Joint Statement on behalf of Ireland and Norway at UNSC Briefing on Syria - Humanitarian
Statement25 February 2021
I make this statement today on behalf of the co-penholders of the Syrian humanitarian file, Norway and Ireland. We would like to thank Under-Secretary General Mark Lowcock for your briefing today, thank you Mark. We are also very grateful for presence of our civil society briefer Sonia Khush from Save the Children for the insights you have just shared with us.
Next month will mark ten long years of conflict in Syria; a conflict that has driven widespread suffering for the Syrian people and created a deeply embedded humanitarian crisis, underscored by a shattered economy and deeply degraded health and education systems.
Over the past ten years, this Council has heard many harrowing reports. Each time, we imagine things could hardly get worse. However, the Secretary-General tells us that humanitarian needs have increased by one fifth in the last year alone.
A record 12.4 million Syrians, 60 percent of the population, are being denied their most basic right to food, struggling to find enough food to eat, and as we heard child malnutrition is rapidly increasing.
Harsh winter conditions have coincided with rising fuel prices, leaving basic heating out of the reach for many Syrians. Tragically, lives continue to be lost among Syria’s most vulnerable in fires resulting from efforts to keep warm.
The dreadful conditions caused by flooding in the North Westhave added to the hardship for 141,000 displaced persons, as tents and schools have been destroyed, demonstrating once again the fragility of the situation and the imperative of ensuring that help can reach those most in need.
We recognise the disproportionate impact that these conditions, and the ongoing conflict and violence, have on women and on children. The misery endured by Syrian civilians is unimaginable for most of us.
We are alarmed by the conflict-related sexual violence against children in Syria. This has devastating consequences for these children, for their communities, for the society at large. All parties to the conflict must take immediate and specific measures to end this scourge and comply with international humanitarian law and human rights law.
The threat of Covid-19 further adds to the urgency of protecting access to water and sanitation. It’s crucial that the healthcare system across Syria is supported in battling the pandemic. All parties must facilitate humanitarian access and uphold ceasefires to enable medical humanitarian teams to undertake their vital functions, including safely delivering Covid-19 vaccinations to those who need it the most.
As humanitarian penholders, we are keenly aware of the necessity to ensure that that humanitarian assistance reaches all Syrians in need. We are also aware of the depth and breadth of humanitarian need across Syria and the complex challenge they present to lifesaving – and life sustaining - humanitarian operations.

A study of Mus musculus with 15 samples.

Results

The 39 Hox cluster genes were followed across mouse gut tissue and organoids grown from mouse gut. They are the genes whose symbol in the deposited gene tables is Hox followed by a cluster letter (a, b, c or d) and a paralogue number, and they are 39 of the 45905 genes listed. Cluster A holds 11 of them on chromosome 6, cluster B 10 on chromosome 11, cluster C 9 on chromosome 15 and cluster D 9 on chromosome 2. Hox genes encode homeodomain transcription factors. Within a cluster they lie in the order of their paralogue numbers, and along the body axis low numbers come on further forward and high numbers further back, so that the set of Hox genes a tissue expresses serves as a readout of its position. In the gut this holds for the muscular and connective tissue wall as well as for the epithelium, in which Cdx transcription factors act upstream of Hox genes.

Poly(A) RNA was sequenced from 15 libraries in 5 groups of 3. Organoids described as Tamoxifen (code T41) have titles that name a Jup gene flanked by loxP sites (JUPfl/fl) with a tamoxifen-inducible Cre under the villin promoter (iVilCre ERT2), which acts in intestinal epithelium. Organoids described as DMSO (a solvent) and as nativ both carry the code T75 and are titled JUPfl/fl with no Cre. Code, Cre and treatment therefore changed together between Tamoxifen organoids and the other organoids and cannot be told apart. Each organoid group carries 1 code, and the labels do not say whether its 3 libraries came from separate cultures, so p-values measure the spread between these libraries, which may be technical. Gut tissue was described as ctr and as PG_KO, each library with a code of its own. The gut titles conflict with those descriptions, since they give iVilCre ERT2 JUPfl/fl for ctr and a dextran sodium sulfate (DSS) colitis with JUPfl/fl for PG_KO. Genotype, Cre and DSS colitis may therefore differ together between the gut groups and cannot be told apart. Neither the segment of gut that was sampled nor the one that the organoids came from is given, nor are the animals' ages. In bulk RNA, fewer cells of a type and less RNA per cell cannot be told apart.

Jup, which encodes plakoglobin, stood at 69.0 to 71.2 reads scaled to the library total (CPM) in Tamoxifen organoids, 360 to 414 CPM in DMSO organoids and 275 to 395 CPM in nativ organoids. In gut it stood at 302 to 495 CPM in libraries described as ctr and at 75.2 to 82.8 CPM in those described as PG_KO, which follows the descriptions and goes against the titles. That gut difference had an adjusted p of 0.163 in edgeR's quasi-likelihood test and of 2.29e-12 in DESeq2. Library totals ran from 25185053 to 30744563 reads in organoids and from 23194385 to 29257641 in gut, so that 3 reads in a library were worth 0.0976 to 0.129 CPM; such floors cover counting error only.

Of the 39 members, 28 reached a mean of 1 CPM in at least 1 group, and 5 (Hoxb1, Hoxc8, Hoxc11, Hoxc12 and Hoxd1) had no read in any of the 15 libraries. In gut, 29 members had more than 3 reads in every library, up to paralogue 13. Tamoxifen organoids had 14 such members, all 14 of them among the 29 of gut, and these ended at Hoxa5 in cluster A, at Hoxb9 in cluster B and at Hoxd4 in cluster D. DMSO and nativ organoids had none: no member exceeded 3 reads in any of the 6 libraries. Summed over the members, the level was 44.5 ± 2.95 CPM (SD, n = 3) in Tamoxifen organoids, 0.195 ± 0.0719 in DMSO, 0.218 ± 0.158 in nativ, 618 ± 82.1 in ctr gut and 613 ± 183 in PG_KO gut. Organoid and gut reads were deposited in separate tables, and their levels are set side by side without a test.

We must do everything in our power to support these operations, both through provision of funding, and by ensuring that humanitarian actors can carry out their work, utilising all necessary modalities, and with the necessary support. All parties must allow rapid, safe and unimpeded access - humanitarian access - to all people in need, wherever they are located, in line with humanitarian principles of independence, impartiality and neutrality
We offer deep condolences to the family of the humanitarian health worker killed last week in al Bab city. At least 14 humanitarian workers have been killed in Syria in the last 14 months.
We are deeply troubled by ongoing violence across Syria which continues to cause deaths and injuries, and we condemn all violence against civilians. The latest toll we have for December to January counts 67 people who have lost their lives, among them 17 children. We call on all parties to enter into a nationwide ceasefire, in line with Resolution 2254.
Shelling and violence in the North East(Ain Issa) has forced three thousand people to leave their homes, all the while lifesaving humanitarian deliveries have been delayed due to bureaucratic impediments.
We are very concerned about the deteriorating security situation at the Al Hol camp as reported by the Secretary General this month, where 23 people are reported to have been killed since January 1st. This situation is particularly worrying given that over half of the residents in the camp are under age 12.
In the strongest terms we remind all parties of their obligations under international law, including international humanitarian law and international human rights law, with regards to the protection of civilians, and we re-iterate the call of the Secretary General for an immediate cessation of hostilities.
Let me close as I began, casting an eye over 10 years of conflict and looking to the future. We cannot not face another 10 years of human suffering driven by conflict. This Council has a responsibility to stand together in solidarity with those who find themselves without a voice.